Journalists need fast insight, analysis and opinion that is accessible and easy to understand. Simple, right? Wrong.
Simple, accessible copy is something that lots of businesses, especially in financial services, struggle with. And it’s not surprising why. Jargon is a constant in financial services and acronyms reign supreme. Take pensions, for example. We have DB, DC, CDC, the PPF, the PLSA, TPR, DWP, LGPS, LDI, PPI. And those are just my favourites.
Let’s look at investment management. We’ve got OEICs, ETFs, TERs, OCFs, AMCs, IRRs, AFMs, CIS, NAV, UCITS, MIFID, alpha, beta and gamma, capital gain, capital growth, capital loss, capital return, total return and that’s before someone asks you to explain active versus passive, open versus closed ended, hedging, gearing, liquidity or how derivatives or convertible bonds work.
We could look to science. A 2020 study suggested science was becoming less readable. The authors found that use of acronyms in the titles of scientific papers increased from 0.7 words per 100 in 1950 to 2.4 words per 100 in 2019. Their recommendation for tackling this was for journals to only permit the use of certain established acronyms. Generally, they hoped use of acronyms would decrease, but without much optimism.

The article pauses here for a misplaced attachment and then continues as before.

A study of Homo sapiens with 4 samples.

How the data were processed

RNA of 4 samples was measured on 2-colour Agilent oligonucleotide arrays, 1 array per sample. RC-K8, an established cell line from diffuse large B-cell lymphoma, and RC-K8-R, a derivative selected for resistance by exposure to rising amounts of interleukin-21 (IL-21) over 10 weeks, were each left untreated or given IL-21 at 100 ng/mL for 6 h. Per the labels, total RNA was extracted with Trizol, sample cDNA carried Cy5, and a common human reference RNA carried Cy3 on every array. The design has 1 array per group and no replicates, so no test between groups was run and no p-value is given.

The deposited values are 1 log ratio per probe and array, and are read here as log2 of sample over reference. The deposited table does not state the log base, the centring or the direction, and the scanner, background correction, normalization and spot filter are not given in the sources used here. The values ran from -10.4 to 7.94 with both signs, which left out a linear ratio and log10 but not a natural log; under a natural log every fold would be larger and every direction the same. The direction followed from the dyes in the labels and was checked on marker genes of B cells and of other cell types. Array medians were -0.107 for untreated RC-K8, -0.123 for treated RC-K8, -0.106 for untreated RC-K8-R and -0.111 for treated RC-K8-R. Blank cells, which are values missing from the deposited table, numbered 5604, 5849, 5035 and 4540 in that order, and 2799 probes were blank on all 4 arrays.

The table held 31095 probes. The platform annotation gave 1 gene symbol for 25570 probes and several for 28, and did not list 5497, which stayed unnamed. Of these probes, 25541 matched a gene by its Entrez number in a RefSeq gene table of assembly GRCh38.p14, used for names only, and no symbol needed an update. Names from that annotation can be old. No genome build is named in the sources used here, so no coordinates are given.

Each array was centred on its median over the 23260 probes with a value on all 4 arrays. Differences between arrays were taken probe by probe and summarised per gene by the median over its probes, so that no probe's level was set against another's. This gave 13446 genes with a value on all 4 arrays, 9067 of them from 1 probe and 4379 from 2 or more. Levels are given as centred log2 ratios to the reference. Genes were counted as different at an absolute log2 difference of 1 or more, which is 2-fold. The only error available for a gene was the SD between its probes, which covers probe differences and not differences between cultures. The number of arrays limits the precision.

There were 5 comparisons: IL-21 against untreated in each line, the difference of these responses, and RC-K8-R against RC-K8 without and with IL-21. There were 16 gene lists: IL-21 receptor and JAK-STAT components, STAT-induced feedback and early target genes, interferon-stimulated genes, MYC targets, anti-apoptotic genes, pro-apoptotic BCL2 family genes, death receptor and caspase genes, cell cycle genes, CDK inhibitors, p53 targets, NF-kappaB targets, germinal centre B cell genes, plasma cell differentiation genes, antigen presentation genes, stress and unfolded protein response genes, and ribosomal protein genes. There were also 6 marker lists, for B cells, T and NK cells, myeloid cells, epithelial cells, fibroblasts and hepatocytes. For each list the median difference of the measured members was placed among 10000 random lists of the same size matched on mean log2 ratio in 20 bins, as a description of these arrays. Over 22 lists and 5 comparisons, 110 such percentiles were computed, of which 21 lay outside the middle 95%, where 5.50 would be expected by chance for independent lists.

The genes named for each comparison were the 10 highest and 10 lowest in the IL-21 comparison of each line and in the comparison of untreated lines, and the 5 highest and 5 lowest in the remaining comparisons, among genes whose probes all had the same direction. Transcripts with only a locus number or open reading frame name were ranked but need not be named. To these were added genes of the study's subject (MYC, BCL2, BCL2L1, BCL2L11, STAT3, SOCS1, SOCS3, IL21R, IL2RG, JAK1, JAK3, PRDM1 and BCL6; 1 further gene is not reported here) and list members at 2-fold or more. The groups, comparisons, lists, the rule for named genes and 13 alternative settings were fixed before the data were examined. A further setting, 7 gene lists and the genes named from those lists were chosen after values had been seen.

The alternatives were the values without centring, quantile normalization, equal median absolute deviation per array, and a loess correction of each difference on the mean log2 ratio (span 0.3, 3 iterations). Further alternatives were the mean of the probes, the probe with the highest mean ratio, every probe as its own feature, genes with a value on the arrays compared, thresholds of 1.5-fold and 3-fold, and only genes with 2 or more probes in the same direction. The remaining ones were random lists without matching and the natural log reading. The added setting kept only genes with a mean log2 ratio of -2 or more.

They found the tendency to complicate is becoming more, rather than less entrenched, and suggested that the eventual development of a technology solution to screen out acronyms and address complexity might be our only hope for saviour. But when it comes to financial services, in a competitive media landscape where lots of experts are fighting for physical and virtual column inches, we can’t afford to wait.
To stand out from the crowd, it is vital to realise that genuinely interesting and insightful commentary is simple at its core. Let’s take an example. Let’s say your business provides consulting services to help financial services clients adapt to industry change. A new regulation comes in and you see demand for your expertise, which you can increase as more people see you talking about that change in the media.
Complex topics don’t require complex commentary. All you need to do is answer these three questions:
· What has changed?
· What should firms do now?
· And what happens if they fail to act or get it wrong?
You risk missing out on engaging potential clients, disengaging current ones and failing to meaningfully raise your profile. And journalists really don’t like it. Here is a great example from Ruth Sunderland, group business editor for the Daily Mail and Mail on Sunday, who heard a CEO say EBITDA – which stands for earnings before interest, taxes, depreciation, and amortisation – on BBC Radio 4’s Today programme:
Ruth swiftly called out the company’s PRs for it because, as she rightly observed, most listeners won’t know what EBITDA means.
If you don’t know your EBITDA from your bad PR, get in touch.